The World of John Secker 1716-95, Quaker Mariner
John Secker was a Norfolk sailor who penned his personal recollections of around 65 voyages, mainly undertaken in British and foreign merchant vessels, to encompass destinations in Europe, Africa, Asia and the Americas between 1729 and 1755. The son of a Quaker miller and born at Swafield near North Walsham in 1716, he was taught to read and write, and through the influence of maritime relatives, he first put to sea aged fourteen. A remarkable narrative of his working life is among the treasures of the Norfolk Record Office, one of just a handful of autobiographical accounts that survive for able seamen before the Napoleonic Wars.
Secker was almost constantly at sea between the ages of 14 and 40 years of age, progressing through the roles of servant, cook and cabin boy, to seaman and chief mate in coastal and long distance voyages. He became a self-taught navigator in the process, and learned foreign languages such as French and Spanish on board vessels with multi-national crews. His independent mindedness, perhaps instilled in him during his Quaker upbringing, led him into many clashes with the captains and authority figures he served under, whose incompetence his journal repeatedly calls into question.
In many ways, Secker’s seafaring life was highly representative of that of contemporary sailors. His first voyages were on the coasting trades and to the Low Countries. By his late teens he embarked on transatlantic voyages, crossing that ocean sixteen times in all, with his longest voyages following in his twenties and thirties to India, St Helena and Peru. He travelled to some places where few English had ever been before. When he put ashore at La Conception in the South Seas, he was no doubt surprised to discover ‘an ancient English man’ from Great Yarmouth who had lived there since being taken out of an English privateer 36 years earlier.
Like all good seafaring journals, Secker’s account of his wages, cargoes and ventures provides useful evidence for economic historians. His cargoes were generally foodstuffs rather than manufactured luxury items, although they did include semi-luxuries such as coffee, tea, wine, spirits and tobacco, mainstays of a colonial economy that enabled the increasing British ascendancy in global trade. This success was paid for by merchant seamen enduring cramped quarters, poor food, disease, disabling accidents, shipwrecks and pay arrears.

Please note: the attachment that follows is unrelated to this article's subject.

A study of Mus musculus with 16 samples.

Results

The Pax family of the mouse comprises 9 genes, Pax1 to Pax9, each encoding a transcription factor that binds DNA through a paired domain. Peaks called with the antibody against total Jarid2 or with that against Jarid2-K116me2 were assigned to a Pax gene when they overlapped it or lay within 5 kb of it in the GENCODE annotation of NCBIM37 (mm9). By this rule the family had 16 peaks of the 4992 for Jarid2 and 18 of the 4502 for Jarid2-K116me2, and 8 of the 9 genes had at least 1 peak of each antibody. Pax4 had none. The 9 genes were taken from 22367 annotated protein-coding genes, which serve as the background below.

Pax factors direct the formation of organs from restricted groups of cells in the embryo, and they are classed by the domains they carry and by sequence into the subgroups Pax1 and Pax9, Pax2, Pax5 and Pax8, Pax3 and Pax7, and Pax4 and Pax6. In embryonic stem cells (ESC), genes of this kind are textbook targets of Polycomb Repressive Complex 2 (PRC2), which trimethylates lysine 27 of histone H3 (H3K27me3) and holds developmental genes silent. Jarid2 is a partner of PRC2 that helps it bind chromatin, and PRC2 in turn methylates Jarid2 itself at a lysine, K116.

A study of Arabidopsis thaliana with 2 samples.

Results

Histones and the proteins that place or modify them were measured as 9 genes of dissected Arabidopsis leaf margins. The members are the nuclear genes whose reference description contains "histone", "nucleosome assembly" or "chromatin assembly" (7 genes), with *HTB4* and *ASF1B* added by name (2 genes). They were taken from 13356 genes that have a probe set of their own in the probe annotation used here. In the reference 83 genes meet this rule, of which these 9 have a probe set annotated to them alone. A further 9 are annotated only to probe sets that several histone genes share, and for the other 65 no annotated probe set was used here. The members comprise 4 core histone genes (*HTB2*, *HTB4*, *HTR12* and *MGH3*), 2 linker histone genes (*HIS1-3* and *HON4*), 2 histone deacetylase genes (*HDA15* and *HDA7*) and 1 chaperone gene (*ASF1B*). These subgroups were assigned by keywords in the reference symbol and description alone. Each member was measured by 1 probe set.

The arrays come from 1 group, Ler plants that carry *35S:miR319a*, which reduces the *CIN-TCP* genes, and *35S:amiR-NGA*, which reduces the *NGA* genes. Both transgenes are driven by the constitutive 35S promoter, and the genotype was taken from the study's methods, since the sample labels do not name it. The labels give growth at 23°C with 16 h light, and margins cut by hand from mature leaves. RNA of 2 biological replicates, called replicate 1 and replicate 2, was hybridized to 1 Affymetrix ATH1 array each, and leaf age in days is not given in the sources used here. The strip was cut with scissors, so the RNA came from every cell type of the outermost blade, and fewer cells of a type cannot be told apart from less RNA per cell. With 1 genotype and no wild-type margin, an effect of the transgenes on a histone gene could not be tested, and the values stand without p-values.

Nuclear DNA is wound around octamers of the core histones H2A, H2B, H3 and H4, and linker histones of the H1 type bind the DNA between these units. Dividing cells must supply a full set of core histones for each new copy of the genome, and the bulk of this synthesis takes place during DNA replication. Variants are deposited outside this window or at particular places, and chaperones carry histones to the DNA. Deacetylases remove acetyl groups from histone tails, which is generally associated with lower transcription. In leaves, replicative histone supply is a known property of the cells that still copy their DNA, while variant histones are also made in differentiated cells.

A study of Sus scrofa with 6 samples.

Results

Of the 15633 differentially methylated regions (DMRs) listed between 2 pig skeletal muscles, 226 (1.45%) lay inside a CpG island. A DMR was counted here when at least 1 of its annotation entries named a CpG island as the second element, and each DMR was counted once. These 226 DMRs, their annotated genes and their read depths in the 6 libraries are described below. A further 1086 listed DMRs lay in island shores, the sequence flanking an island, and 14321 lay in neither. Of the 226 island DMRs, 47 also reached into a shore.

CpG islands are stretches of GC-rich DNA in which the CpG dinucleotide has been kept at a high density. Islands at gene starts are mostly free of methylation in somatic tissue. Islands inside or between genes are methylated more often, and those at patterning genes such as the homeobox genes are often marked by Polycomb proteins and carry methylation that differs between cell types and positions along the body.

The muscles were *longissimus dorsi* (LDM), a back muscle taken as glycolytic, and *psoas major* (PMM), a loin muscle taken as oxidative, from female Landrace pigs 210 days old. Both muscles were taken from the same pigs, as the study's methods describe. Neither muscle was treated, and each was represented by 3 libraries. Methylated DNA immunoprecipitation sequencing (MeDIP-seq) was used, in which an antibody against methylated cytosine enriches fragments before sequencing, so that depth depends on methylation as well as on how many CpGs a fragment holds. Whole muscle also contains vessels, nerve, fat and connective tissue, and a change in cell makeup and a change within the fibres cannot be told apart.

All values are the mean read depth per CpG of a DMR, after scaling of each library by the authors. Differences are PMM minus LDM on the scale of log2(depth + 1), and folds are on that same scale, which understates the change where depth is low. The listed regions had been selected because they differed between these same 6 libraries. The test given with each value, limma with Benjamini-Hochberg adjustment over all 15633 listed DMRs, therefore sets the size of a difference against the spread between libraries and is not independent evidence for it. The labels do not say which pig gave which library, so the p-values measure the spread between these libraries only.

By far the largest ship on which Secker served was the Spaniard, The Grand Tuscany, which carried him to Peru, and which he recalled at ‘about 1000 tun burden’ with a crew of 160. It was from on board this vessel that Secker provided us with his many observations of the Spanish Pacific, including his passage round Cape Horn, and the colonies from the island of Chiloé in southern Chile to Guayaquil in Ecuador. The sketches he made of these coastlines and anchorages appear in the volume.
Like many of his counterparts, his last voyages reverted to the short-haul and coasting trades of his youth, returning to his home port of Great Yarmouth. Despite its eastward facing towards the ‘German Ocean’, Norfolk was far from disconnected from the Atlantic World. In the first two-thirds of the eighteenth century, Great Yarmouth was prospering among England’s most important ports and Secker’s narrative affords us some rich contemporary descriptions of the town. One of his last vignettes gives a detailed account of his narrow escape from the pressgang there, no doubt a factor in his decision to retire from seafaring.
Soon after his retirement inland, Secker married a Quaker shopkeeper, Phebe Ransom of Ashill, at Swaffham, on 10 March 1756. They moved to Holt, where they bought a house to run as a grocery. Trading as a grocer was a logical step for Secker. He had already spent years transporting the colonial, consumer goods that adorned many English village shops by the late eighteenth century. In around 1765 he wrote his seafaring narrative, looking back on his life at sea. His writing was guided by his memory, understandably imperfect at times, along with notes and sketches he made during his voyages, having begun keeping a sea journal while still a teenager. He hoped to justify his seafaring life, and that his readers might learn from his navigation, travels and experiences. He had no wish to offend Quaker sensibilities by including subjects that were better left out. He felt compelled to record his deliverances to give gratitude to God and underline his Quaker credentials. His need to think well of himself was an important shaping factor. But he did not intend for his story to be published in print. His narrative was written for the Norfolk Quaker community of which he was part.
Secker died and was buried at Holt in 1795. Two shops now occupy the site of his resting place, next to the Post Office. After his death a copy of his narrative was made in 1800 by Samuel Mason, a Yarmouth Quaker related to Secker’s wife. It is likely that this copy adorned the ‘Museum of Natural and Artificial Curiosities’ in Great Yarmouth’s market place. This museum was owned by Secker’s cousin, Daniel Boulter, who did much to bring the manuscript to local attention.
Today, John Secker provides us with a rare glimpse of what a middling-sort, trading man from Norfolk made of the wider world. His independent, questioning temperament will endear him to modern readers. He offers us a rare view of seafaring from the ‘bottom up’, and a reminder that for an empire based on its commerce, Britain relied upon its John Seckers just as much as its Horatio Nelsons.